Gossamer Tapestry

Reflections on conservation, butterflies, and ecology in the nation's heartland

Saturday, December 22, 2007

Minus Tide

White Beach

With apologies for title theft from the Dharma Bums. Leon and I are in my hometown of Manchester-by-the-Sea, Massachusetts to spend Christmas with my family. The beach is a 10-minute walk from Dad's house. Today, we had the lowest tide that I have ever observed there, so we went for a walk. The culprit, as usual, was a full moon. The new moon will have a similar effect, but this was really an outrageously low tide.

Moonrise over Kettle Cove. Source of the very low tide.

We walked along the rocks, which were covered with bladderwrack (Fucus sp.), making them very slippery. I went down fairly hard once. We poked around the tide pools. Tide pools in southern New England are pretty boring. We don't see the interesting invertebrates that Bev, Robin Andrea, and Dave have recently posted. The algae does make the rocks brightly colored, and we did see a few things like slipper shells.

Danger! Very slippery Fucus-covered rocks!

Orange algae on the tidepool rocks contrasts with green algae on a
slipper shell (Crepidula fornicata). Aren't scientific names fun?

The low tide followed an extremely high tide last night. This combination left lots of beach to walk on. You could almost forget that just above the high tide line there's a foot and a half of snow on the ground. The contrast made for some interesting snowy coast scenes. I spent a lot of time here as a kid, swimming, fishing, and mucking around in the same tide pools that I now consider boring.

Snow on Fisherman's Rocks. I caught a whole bunch of
Atlantic mackerel there when I was a kid.

We walked over to the next inlet, Kettle Cove. At dead low tide, a sandbar often forms in the middle of the cove. You can wade out to it through waist-deep water. Today, the sandbar filled the entire cove. You could have waded to it through water that was no more than ankle deep (though utterfly frigid).

Kettle Cove. The lowest tide I have ever seen there.

Light and camera batteries began failing so we returned to the car. Sunset suggested that the weather tomorrow should be nice- "red sky at night, sailors' delight."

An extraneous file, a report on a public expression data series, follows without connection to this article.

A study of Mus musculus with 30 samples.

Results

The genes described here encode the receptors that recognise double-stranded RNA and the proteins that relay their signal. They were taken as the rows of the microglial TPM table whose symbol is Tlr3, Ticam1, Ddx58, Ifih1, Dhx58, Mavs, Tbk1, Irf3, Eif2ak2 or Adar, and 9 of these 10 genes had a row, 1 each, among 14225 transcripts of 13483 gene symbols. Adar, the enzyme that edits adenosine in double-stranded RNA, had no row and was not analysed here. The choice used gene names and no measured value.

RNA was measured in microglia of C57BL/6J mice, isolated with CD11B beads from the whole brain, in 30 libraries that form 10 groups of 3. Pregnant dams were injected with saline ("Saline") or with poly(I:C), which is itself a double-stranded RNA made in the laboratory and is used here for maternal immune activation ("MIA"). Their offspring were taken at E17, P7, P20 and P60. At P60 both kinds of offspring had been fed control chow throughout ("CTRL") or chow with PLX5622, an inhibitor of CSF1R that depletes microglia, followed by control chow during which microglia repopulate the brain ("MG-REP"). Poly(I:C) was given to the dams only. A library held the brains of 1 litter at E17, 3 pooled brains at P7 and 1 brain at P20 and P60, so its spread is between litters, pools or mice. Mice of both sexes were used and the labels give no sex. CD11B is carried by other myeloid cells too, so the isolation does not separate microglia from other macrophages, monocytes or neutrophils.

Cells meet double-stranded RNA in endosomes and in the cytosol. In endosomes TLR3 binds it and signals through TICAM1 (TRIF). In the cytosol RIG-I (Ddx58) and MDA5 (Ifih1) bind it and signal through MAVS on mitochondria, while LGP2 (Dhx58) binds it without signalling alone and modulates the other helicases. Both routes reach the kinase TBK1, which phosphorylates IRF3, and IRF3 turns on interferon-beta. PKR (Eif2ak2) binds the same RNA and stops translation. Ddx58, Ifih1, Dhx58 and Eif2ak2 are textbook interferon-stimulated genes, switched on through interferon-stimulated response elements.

sailors are delightful either in the morning or the night time.bap

At 02:08, Blogger Christopher Taylor said...

And yep, Crepidula fornicata is named because of its loose habits. Slipper limpets are commonly found in more or less permanent stacks of up to 12 limpets, with larger limpets to the bottom and smaller limpets towards the top. They are also internally-fertilising protandrous hermaphrodites - they start life as small males and become female as they get older. A smaller male therefore crawls onto a larger male and waits for it to change sex into a receptive mate (feel free to insert joke about the process of finding out if it's receptive yet).

At 11:00, Blogger robin andrea said...

We've been having very low minus-tides here too on the west coast. The tide differences are as much as nine feet today. Of course we go out walking, it's like a magnet. We can't stay away. The anemones are everywhere. We've been hoping to see an octopus, but haven't yet.

I love the snow along the shore. That does make for a beautiful and surprising background to the beach.

At 07:49, Anonymous pablo said...

We don't have tides in the Midwest. We do have tornadoes, though.

At 10:27, Blogger rcwbiologist said...

Love the snow on in relation to the water. Sounds like you are having a good time at home. Merry Christmas to you and Leon. I was just telling our boys last night that we have to visit that part of the country some day.

At 13:08, Blogger Dave Coulter said...

Some very cool pictures, esp. with the snow on the rocks. I don't know why water - from puddles on up - is so much fun to fool around in. Anyway, I hope you & yours have a terrific holiday. Cheers!

At 20:54, Anonymous Mark H said...

Great Pics..........I agree with Robin, a magnet...wish we could walk out there too. HAVE A fabulous Christmas, you and Leon.

At 11:40, Blogger BentonQuest said...

Merry Christmas Doug!

At 21:14, Blogger Doug Taron said...

Spo- That's one of the advantages of a maritime setting.

Christopher Taylor- Thanks for the info. I remember my high school biology teacher describing this. It was one of my first experiences with the use of staid scientific language to describe something frankly sexual, and (by human standards) bizarre.

Robin- I have been very surprised by the magnitude of the tides on this trip. The tidepools out by you are still way cooler than the ones here.

As an East Coaster transplanted to the Midwest, I can definitely sayt that I miss tides.

RCW- When you visit southern New England, talk to me before you go. I can offer many suggestions of "must-see" places.

Dave- Thanks. I hope that you had a great holiday, too.

Mark - I hope that you and Rodger had a great holiday. Someday we will find ourselves walking on a caostline together. Just not sure when or which one.

Ben- Thanks. I hope you had a Merry Christmas, too.